Judge in classified documents case grapples with how Trump’s personal records claim could be explained to a jury

US Senate/AP

Aileen Cannon speaks remotely during a Senate Judiciary Committee oversight nomination hearing to be a judge in the US District Court for the Southern District of Florida on July 29, 2020.


Federal Judge Aileen Cannon issued an order Monday for lawyers to submit instructions for a trial jury in former President Donald Trump’s classified documents case – signaling that the debate over whether Trump had the authority to keep documents from his White House could remain a central issue of the case, which could help him at trial.

But – to the surprise and confusion of several legal experts on Monday – Cannon asked the attorneys in the case to consider how to incorporate into the trial the Presidential Records Act.

The request is an unusual one that leads both sides into hypothetical, untrodden territory.

Cannon asked both the Justice Department and defense team to contemplate how a jury could be told to weigh the criminal law around national security records if Trump could say the PRA gave him authority to keep documents he chose.

The Justice Department maintains his charges have nothing to do with the PRA and are about what happened after the presidency: how classified records about US and foreign military secrets were kept without federal protection at a private beach club and allegedly moved around so government officials wouldn’t find them.

Cannon’s order on Monday could also be viewed as a logic exercise that’s hard to parse – even for experienced lawyers trying to determine where she is leading the attorneys involved.

“I don’t get what she’s doing with this. I don’t understand where she is going with this order,” Brad Moss, a national security lawyer, told CNN on Monday. “It’s a bizarrely written set of questions that doesn’t lend itself to an easily understandable set of answers.”

Moss added it’s possible Cannon wants to push some questions about the documents Trump kept to the jury, as she’s held back on deciding many legal disputes in Trump’s landmark case.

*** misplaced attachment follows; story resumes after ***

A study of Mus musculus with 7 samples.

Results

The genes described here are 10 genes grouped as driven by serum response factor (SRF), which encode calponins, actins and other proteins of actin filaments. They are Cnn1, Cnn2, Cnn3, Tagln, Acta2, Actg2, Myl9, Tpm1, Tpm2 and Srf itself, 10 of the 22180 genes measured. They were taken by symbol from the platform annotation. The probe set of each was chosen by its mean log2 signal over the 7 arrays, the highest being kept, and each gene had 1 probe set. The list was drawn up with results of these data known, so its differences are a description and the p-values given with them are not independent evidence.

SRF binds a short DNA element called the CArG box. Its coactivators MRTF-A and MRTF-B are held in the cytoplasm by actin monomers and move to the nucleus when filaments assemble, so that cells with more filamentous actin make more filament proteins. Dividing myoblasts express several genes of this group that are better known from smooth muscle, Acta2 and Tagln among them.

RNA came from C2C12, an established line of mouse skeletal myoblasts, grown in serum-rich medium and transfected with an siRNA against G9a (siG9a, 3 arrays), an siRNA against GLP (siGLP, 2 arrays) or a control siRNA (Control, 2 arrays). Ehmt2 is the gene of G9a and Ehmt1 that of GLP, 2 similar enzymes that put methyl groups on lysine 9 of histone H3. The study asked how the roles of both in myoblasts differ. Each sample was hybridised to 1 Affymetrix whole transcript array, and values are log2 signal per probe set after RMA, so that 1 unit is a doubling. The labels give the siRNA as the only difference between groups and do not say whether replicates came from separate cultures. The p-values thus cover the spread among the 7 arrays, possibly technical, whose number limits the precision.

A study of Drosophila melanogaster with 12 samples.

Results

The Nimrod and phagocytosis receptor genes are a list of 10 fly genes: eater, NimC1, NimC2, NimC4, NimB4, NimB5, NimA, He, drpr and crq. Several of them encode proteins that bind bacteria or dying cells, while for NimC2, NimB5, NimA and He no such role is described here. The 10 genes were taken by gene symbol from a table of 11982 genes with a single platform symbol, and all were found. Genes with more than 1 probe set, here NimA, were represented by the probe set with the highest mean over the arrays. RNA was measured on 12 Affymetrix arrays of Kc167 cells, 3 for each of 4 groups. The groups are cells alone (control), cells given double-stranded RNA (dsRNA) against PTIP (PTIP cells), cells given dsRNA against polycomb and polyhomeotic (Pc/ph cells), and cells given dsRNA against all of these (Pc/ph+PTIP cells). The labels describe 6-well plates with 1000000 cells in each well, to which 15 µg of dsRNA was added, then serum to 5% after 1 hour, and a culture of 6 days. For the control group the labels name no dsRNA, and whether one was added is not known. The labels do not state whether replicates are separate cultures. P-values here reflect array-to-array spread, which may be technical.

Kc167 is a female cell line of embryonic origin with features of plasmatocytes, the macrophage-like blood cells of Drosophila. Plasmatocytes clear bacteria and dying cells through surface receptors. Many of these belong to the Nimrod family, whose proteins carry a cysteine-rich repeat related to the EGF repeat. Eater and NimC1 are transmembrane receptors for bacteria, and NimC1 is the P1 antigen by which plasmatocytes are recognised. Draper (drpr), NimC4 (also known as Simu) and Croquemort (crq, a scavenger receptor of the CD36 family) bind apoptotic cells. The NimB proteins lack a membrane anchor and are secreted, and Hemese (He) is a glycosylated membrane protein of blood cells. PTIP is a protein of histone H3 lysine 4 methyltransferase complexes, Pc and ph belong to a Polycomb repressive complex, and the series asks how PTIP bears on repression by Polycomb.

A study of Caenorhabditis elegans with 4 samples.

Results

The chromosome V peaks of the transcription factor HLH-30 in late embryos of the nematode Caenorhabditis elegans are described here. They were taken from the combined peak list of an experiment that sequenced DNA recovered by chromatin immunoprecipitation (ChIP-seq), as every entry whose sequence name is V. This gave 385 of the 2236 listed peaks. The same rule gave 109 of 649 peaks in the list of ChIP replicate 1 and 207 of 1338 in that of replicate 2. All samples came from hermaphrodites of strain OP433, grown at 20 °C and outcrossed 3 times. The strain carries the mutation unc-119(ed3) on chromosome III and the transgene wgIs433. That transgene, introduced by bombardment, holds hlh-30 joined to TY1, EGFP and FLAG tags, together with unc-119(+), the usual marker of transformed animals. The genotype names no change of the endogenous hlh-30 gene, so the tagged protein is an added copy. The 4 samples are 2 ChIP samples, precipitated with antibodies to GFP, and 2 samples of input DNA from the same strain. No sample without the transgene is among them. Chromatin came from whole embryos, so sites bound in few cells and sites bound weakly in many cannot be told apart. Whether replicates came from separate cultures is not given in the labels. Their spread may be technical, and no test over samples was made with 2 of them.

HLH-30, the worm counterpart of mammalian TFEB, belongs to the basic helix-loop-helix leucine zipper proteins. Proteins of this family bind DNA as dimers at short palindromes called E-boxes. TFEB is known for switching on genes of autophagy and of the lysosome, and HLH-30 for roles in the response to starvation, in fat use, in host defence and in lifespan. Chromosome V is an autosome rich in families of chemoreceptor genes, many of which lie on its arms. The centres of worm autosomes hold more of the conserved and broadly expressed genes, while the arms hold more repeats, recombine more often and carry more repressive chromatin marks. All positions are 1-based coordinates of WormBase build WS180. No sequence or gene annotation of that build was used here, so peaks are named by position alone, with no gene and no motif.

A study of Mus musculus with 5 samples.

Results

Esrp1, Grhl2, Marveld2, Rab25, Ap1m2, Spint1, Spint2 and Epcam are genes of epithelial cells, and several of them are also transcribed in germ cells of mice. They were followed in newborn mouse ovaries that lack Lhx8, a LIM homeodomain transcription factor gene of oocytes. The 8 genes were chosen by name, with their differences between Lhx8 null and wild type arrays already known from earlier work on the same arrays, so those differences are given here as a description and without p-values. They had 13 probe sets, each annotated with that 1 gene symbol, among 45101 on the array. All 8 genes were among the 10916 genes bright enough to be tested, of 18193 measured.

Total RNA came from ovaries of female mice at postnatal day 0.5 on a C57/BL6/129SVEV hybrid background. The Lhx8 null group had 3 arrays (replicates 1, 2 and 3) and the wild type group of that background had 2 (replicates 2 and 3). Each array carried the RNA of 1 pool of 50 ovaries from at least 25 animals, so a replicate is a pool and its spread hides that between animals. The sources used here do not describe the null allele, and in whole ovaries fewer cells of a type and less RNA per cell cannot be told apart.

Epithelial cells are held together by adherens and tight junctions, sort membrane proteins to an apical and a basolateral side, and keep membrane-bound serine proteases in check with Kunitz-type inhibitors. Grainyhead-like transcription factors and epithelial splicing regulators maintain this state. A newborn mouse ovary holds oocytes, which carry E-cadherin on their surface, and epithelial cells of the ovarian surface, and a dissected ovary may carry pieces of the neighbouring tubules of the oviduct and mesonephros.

Cannon’s order asked both the special counsel’s office and Trump’s attorneys to write jury instructions defining terms of the Espionage Act, under which the former President is charged for mishandling 32 classified records. Part of the law under which Trump is charged criminalizes a person having unauthorized possession of records related to national defense.

Still, the judge asked prosecutors and defense lawyers to write versions of their proposed jury instructions that consider the PRA by April 2. “Engage with the following competing scenarios and offer alternative draft text that assumes each scenario to be a correct formulation of the law to be issued to a jury,” Cannon wrote on Monday.

The first version would instruct a jury to decide whether prosecutors proved that Trump did not have the authorization to keep classified documents found on his property, even if they were personal or presidential records. The second scenario would assume that as president, Trump had complete authority to take records he wanted from the White House under the PRA.

Moss said the second scenario appears to be the equivalent of a judge in a murder case asking how to advise a jury to weigh the facts, “if the murder had taken place during The Purge” – referencing a movie where all crime is legal for a set period of time.

The exercise is a continuation of a hearing last week, during which Trump’s attorneys claimed that he had unlimited power to decide which documents needed to be returned to the National Archives under the PRA.

Trump is asking Cannon to dismiss the charges against him because of the PRA.

Though Cannon appeared skeptical during the hearing that the charges against the former president should be dismissed because of the PRA, she said that the arguments could be a “forceful” trial defense.